S.Con.Res.128 - A concurrent resolution concerning human rights, democracy, and illicit narcotics production and trafficking in Burma.101st Congress (1989-1990)
Concurrent ResolutionHide Overview
|Sponsor:||Sen. Moynihan, Daniel Patrick [D-NY] (Introduced 05/08/1990)|
|Committees:||Senate - Foreign Relations|
|Latest Action:||Senate - 05/08/1990 Referred to the Committee on Foreign Relations. (All Actions)|
Introduced in Senate (05/08/1990)
Calls upon the Government of Burma (now known as Myanmar) to: (1) create the conditions necessary to ensure free and fair elections in Burma on May 27, 1990, by releasing persons imprisoned for the peaceful expression of their views, permitting all Burmese citizens committed to peaceful participation in the political process an opportunity to contest elections, lifting electoral campaign restrictions that provide the authorities with nearly unlimited power to limit debate, establishing an impartial election commission, and permitting access to Burma for international election observers; and (2) demonstrate a commitment to human rights by abandoning martial law restrictions on the right to a fair trial, ending rape, torture, extrajudicial executions, and forced porterage of civilians, and ordering investigations and pursuing prosecutions against those believed responsible.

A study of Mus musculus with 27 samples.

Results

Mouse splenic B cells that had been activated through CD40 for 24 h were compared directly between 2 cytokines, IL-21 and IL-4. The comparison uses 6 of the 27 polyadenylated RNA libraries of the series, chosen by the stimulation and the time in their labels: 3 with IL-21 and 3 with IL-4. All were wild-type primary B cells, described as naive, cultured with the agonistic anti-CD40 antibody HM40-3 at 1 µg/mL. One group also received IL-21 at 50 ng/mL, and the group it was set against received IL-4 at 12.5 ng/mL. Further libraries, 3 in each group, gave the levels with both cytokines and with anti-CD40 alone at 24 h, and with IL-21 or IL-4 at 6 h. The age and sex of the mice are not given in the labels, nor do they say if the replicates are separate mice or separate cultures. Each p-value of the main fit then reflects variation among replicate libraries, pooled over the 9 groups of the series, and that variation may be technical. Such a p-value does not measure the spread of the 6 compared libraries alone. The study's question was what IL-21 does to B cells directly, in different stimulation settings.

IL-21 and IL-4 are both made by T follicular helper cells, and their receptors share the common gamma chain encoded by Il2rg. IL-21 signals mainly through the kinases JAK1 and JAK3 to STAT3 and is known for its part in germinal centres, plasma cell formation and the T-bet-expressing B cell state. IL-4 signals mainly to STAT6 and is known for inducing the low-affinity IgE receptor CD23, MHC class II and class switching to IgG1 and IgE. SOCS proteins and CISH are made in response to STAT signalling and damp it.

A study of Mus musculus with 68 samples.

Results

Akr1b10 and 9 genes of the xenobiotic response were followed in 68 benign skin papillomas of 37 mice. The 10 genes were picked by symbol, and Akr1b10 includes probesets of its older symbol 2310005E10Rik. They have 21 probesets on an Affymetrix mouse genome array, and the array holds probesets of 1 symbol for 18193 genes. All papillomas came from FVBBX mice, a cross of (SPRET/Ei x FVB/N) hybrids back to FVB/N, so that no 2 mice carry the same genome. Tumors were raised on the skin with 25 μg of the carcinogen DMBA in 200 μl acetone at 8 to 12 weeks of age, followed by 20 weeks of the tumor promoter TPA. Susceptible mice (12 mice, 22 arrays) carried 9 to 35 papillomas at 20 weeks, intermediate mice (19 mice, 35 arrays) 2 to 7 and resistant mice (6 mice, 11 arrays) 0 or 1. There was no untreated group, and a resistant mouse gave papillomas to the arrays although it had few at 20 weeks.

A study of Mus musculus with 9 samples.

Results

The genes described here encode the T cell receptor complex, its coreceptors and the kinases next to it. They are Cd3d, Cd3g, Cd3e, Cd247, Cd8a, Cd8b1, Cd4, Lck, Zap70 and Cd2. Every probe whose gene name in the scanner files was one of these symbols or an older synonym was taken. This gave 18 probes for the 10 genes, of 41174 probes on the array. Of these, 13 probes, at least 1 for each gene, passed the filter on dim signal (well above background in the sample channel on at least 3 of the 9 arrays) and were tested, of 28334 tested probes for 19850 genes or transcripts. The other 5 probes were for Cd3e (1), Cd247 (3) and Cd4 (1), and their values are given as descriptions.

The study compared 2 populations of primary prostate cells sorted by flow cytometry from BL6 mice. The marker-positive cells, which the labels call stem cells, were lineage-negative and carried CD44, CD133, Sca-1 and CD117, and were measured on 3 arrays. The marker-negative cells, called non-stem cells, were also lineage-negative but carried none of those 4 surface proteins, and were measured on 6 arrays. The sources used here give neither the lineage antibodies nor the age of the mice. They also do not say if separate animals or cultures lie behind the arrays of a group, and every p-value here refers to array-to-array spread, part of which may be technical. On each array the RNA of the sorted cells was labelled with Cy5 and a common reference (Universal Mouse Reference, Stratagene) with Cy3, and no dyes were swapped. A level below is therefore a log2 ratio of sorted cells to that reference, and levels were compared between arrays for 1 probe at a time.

Calls upon: (1) the international community to withhold foreign assistance from, and to end all military cooperation (including arms sales) with, such Government; and (2) the President to discourage other countries from providing such assistance and cooperation and to encourage international observation of the election process.
Denounces the Burmese Government's practice of accommodation and cooperation with drug traffickers. Urges the President to: (1) pressure such Government to cease such cooperation and pursue more vigorous antinarcotics policies; (2) use his position to focus international scrutiny on Burma's antinarcotics record; and (3) refrain from expanding U.S. antinarcotics programs in Burma until the Burmese Government has demonstrated a willingness to respect the human rights of its citizens and a sincere interest in combatting narcotics.